By Mo Zeitouneh

The countdown is on for the highly anticipated Block auctions, where the contestants will see if all their blood, sweat and tears over 12 weeks have paid off.

Not only will the winning team walk away with $100,000, they will also pocket any of the profits that surpass their home’s reserve price.

With all five post-war homes on Charming Street, Hampton East set to go under the hammer this weekend, spoke to several previous contestants about their auction day experiences, and how the television event compares to a real life auction.

See every room reveal of the 2023 season.

Real estate agent Jesse Raeburn, who appeared on The Block in 2019 with his partner Mel Manson, said he initially approached their auction day with the attitude of just enjoying the “once in a lifetime experience”.

“We went into the Block knowing that some of the houses don’t sell,” he said. “If we won money – fantastic, if we didn’t, that’s just the way it goes, it was still going to be a great experience.”

But after enduring a gruelling 12-week renovation, he said that attitude changed.

“We all wanted to win money. We’re like, ‘we’ve earned this’

Jesse and Mel’s property sold at auction for $3.378 million, bagging them $388,000 in prize money. Picture: Channel 9

“It was one of the greatest seasons. It [had] really good ratings so people obviously enjoyed watching it and so our expectations shifted by the time the auction rolled around.”

Rule 1: Don’t go last

Advised by their sales agent that the best strategy heading into auction was not being last to go under the hammer, they drew the short straw and ended up fifth in line.

However, Jesse said that was something that could not be controlled.

“Just try not to go last if possible, do whatever you can!”  Mel said.

The couple walked away with an impressive $388,000 in prize money for the three-level terrace they transformed in St Kilda’s former Oslo Hotel, but it was only enough to place them second-last behind rivals Mitch and Mark.

 “We would not be where we are right now if it wasn’t for The Block,” Mel said.

“We would get to where we are, but it would take so many more years … its life changing in every aspect.”

Kirsty and Jesse’s house sold for the highest price, but with a higher reserve, they placed second last. Picture: Channel 9

Kirsty Akers and Jesse Anderson from The Block 2021 walked away with just over $300,000 from their auction.

And while Kirsty said she had no real life auction experience to compare the day’s events to, Covid restrictions and not knowing their reserve price until they sat down with Scott Cam on the couch not long before the auction, made for a stressful experience.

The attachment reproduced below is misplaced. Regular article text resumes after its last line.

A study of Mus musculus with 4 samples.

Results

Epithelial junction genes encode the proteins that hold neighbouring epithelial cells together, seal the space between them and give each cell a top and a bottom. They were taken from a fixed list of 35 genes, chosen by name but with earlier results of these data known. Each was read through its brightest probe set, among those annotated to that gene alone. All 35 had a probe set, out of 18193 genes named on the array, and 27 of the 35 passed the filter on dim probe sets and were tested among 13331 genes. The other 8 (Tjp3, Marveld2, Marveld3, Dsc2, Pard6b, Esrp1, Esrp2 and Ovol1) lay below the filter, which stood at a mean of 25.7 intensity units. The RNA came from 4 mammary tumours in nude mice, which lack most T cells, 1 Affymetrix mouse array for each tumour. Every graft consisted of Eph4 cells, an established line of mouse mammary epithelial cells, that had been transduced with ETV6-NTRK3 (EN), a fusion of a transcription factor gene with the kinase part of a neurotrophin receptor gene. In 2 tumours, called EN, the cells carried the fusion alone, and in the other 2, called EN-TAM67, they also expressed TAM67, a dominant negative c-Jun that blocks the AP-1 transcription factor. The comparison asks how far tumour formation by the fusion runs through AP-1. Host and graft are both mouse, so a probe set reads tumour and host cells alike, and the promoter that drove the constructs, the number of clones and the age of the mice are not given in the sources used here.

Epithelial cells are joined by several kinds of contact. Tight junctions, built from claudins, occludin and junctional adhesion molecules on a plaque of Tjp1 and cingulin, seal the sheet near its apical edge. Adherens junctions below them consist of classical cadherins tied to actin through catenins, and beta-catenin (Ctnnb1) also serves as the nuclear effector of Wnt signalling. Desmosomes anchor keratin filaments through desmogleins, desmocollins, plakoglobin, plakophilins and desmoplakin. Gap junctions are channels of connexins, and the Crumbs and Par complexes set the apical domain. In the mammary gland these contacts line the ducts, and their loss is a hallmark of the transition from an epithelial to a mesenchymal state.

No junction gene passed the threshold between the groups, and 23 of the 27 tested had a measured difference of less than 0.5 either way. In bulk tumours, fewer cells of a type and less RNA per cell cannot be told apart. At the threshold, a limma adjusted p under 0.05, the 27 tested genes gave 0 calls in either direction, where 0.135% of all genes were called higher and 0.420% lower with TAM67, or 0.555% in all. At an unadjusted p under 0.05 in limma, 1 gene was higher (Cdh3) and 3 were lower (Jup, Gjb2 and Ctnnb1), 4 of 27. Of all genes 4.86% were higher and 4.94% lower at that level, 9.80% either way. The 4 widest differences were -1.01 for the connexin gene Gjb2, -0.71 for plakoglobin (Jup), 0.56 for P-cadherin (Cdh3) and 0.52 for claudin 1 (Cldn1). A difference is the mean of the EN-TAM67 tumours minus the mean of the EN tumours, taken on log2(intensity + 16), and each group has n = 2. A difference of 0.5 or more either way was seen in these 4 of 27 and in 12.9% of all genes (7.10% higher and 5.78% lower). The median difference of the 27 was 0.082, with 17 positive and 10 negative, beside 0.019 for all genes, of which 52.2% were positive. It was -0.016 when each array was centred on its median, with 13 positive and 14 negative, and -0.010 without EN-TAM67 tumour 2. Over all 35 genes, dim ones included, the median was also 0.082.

“We didn’t wake up excited like we should have been because we were stressing so bad thinking: ‘What is our reserve going to be …are we going to have any hope of winning at all?’” she said.

“Our reserve was $700,000 more than all the other teams, so we kind of went into it thinking, ‘We’ve got no hope,’ and we went last.”

That was at a time when interest rates were at historical lows. Kirsty said in the current environment, she worries for the outcome of this year’s auctions.

“But in saying that, even if you do go into it and you happen to walk away with you know, $20,000 or whatever, there’s so many opportunities that come from the show afterwards,” she said.

“I think the contestants can make the most of that and just try and keep on top of things, so that they do have opportunities coming to them because it was life changing for Jesse and I.”

Melbourne father and daughter Harry and Tash also went last in the auction order. Picture: Channel 9

Coming third in The Block 2020 auctions saw Tash Pavlou and her father Harry pocket $650,000, despite their home being the last to go under the hammer.

“It is extremely nerve-wracking,” Tash recalled.

“I also remember that day being really exciting and exhilarating. This was the day that we were going to see all our hard work come to fruition.”

While Harry said prior to The Block he had sold property via auction, it was nothing compared to The Block.

“With this you are actually there with all the other couples, and also your own close family goes through the whole experience, so it’s so emotional and very, very draining and by the end of the day you’re just exhausted,” he said.

 “It’s totally, totally different, but I must admit it was exhilarating.”

The Block 2023 contestants will be aiming to break suburb records at this weekend’s auction, but will they all sell? Picture: Channel 9

As for the father and daughter duo’s words of advice for this year’s Blockheads leading into auction day, get involved with your sales agent and be there to greet your potential buyers on the day, Harry said.

“You know your home better than anyone,” he said.

“You know how good it is, you know how it was built, you know all the bits you can give that information to your potential buyers, whereas an agent doesn’t really have all that information.”

Tash agreed, and said while the renovated homes were not their own property, you could not help but become quite protective of them.

“You’ve put your blood, sweat and tears into these builds and like Dad was saying you know them better than anyone else and you want your house to go to the best possible hands as well at the end of the day,” she said.